Minnesota will honor labor contracts set to raise pay for tens of thousands of state workers this summer, despite a vote by the GOP-led Senate to freeze salaries to help close a projected budget deficit.

The fate of the raises was left in limbo when the Legislature adjourned on Monday without reaching agreement on ratifying contracts that were negotiated with the Walz administration last year.

Democrats who control the House voted to approve the contracts, which include a 2.5% pay raise in July, while the Senate passed legislation postponing the raises until July 2021.

State law requires that legislators approve state worker contracts, but does not say they can change them. Minnesota Management and Budget Commissioner Myron Frans said Wednesday that a legal review by the agency confirmed that the Legislature does not have authority to “unilaterally modify the agreements or plans.” By voting to OK the contracts without raises, the agency determined, the Senate effectively approved them.

Unions representing state employees celebrated the decision, saying it showed a respect for workers and the collective-bargaining process.

“This modest contract is fair and was negotiated in good faith,” said Minnesota Association of Professional Employees Executive Director Lina Jamoul. “Wages contained in the contract support our members, their families and the local economy, which is part of the recovery from this crisis.”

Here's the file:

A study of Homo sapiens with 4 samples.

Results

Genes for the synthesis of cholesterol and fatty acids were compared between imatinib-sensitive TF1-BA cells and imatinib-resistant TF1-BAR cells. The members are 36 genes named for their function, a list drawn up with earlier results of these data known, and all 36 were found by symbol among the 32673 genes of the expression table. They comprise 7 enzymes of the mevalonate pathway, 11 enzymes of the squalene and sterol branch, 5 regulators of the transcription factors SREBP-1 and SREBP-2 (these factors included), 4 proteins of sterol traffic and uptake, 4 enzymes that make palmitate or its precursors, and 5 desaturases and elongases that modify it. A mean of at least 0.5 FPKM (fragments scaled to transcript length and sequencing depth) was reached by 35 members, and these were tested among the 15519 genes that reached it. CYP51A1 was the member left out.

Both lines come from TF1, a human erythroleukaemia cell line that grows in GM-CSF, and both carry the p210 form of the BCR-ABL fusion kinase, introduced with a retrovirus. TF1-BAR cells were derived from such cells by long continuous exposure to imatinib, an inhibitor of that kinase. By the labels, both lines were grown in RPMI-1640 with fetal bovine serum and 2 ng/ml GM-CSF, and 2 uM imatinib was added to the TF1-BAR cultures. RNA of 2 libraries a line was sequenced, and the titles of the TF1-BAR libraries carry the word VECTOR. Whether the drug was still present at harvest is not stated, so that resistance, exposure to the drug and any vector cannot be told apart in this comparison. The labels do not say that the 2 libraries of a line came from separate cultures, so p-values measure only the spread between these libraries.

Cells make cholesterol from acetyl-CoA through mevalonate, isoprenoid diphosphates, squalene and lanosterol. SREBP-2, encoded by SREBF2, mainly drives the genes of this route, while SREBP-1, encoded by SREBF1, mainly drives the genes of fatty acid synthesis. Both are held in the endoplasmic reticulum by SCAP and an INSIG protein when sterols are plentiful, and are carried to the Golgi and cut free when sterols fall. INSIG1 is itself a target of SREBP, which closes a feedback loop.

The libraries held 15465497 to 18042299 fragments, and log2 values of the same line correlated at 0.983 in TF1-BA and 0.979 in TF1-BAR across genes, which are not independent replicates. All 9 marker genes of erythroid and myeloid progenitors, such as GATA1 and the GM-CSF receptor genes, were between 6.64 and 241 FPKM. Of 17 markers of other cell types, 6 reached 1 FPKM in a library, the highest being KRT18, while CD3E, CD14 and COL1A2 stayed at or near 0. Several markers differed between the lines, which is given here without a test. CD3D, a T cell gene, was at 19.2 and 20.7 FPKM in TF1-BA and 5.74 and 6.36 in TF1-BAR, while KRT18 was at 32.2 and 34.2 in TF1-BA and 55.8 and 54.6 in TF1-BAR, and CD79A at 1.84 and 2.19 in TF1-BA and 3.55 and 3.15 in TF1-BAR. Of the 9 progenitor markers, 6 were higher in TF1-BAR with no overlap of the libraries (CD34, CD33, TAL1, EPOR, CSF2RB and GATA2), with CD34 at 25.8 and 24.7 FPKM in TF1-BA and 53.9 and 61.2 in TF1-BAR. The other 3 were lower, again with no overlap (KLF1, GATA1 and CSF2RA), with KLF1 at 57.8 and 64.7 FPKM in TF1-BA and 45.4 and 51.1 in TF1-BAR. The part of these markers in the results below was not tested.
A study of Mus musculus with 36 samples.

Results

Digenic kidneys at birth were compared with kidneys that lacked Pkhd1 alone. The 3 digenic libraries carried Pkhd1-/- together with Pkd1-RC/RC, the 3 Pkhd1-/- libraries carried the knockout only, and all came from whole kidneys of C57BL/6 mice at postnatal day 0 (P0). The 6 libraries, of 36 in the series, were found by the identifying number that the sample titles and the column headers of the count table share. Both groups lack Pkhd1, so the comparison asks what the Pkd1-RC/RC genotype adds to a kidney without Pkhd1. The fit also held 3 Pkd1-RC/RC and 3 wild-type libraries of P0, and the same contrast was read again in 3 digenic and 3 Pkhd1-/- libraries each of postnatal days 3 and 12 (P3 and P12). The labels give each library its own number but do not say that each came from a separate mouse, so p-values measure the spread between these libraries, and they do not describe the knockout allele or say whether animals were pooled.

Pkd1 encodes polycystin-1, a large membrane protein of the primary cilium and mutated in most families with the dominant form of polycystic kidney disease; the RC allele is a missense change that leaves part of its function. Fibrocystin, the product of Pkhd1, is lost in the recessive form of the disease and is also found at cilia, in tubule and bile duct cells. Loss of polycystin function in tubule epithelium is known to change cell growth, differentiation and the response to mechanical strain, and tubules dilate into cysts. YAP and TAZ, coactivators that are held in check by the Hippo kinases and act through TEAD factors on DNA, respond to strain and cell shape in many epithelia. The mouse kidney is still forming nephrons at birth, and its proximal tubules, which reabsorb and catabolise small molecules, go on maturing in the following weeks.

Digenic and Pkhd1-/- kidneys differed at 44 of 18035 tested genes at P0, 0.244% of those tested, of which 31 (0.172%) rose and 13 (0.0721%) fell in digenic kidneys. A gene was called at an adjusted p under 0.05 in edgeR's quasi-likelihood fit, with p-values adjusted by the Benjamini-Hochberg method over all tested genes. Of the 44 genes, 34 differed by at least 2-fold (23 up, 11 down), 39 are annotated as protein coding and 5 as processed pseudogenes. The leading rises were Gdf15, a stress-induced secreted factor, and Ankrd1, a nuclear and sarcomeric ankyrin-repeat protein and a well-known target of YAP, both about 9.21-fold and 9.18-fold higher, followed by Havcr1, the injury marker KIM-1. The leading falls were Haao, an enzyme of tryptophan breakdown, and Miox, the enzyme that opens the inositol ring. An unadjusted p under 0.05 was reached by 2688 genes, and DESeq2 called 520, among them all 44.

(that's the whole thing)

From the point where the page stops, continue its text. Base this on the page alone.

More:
But the move was assailed by Republicans who had argued that the lack of consensus between the House and Senate should trigger a repeal of the contracts and raises. House Minority Leader Kurt Daudt, R-Crown, said a decision to honor contracts without the passage of identical bills is unprecedented.

“Giving pay raises to state employees while nearly 700,000 Minnesotans are out of work is offensive and deeply irresponsible,” he said. “Our state can’t afford it. Democrats are ignoring years of historical precedent as political payback to their biggest campaign contributors.”

The decision could have implications beyond the state budgets and union contracts. Legislators are expected to return to the Capitol in June to resume negotiations on a public construction bonding package, a tax bill and other issues left unresolved at the end of session. Senate Majority Leader Paul Gazelka, R-East Gull Lake, suggested Wednesday that the administration’s ruling could complicate those talks.

“The governor’s cavalier decision to give state workers a raise this July against the clear direction from the Senate has put a chilling effect on the cooperation between the Senate and governor,” he said. “It’s time for the emergency powers to end.”

The end-of-session fight over the contracts emerged after the economic crisis caused by the coronavirus pandemic wiped out the state’s projected surplus, leaving lawmakers with a $2.4 billion budget gap. Republicans argued the state cannot afford another round of raises for nearly 50,000 employees. Budget officials estimate that the increases will cost the state nearly $445 million in the current budget cycle and $757 million in the next budget.

Frans said Wednesday that while “it will take hard work get back into balance,” the two-year budget passed by the Legislature last year “accounted for compensation costs for all agencies,” including wages provided by the original contracts.

He said state agencies have already taken steps to lower costs, including a hiring freeze and pay cuts for the governor and agency heads.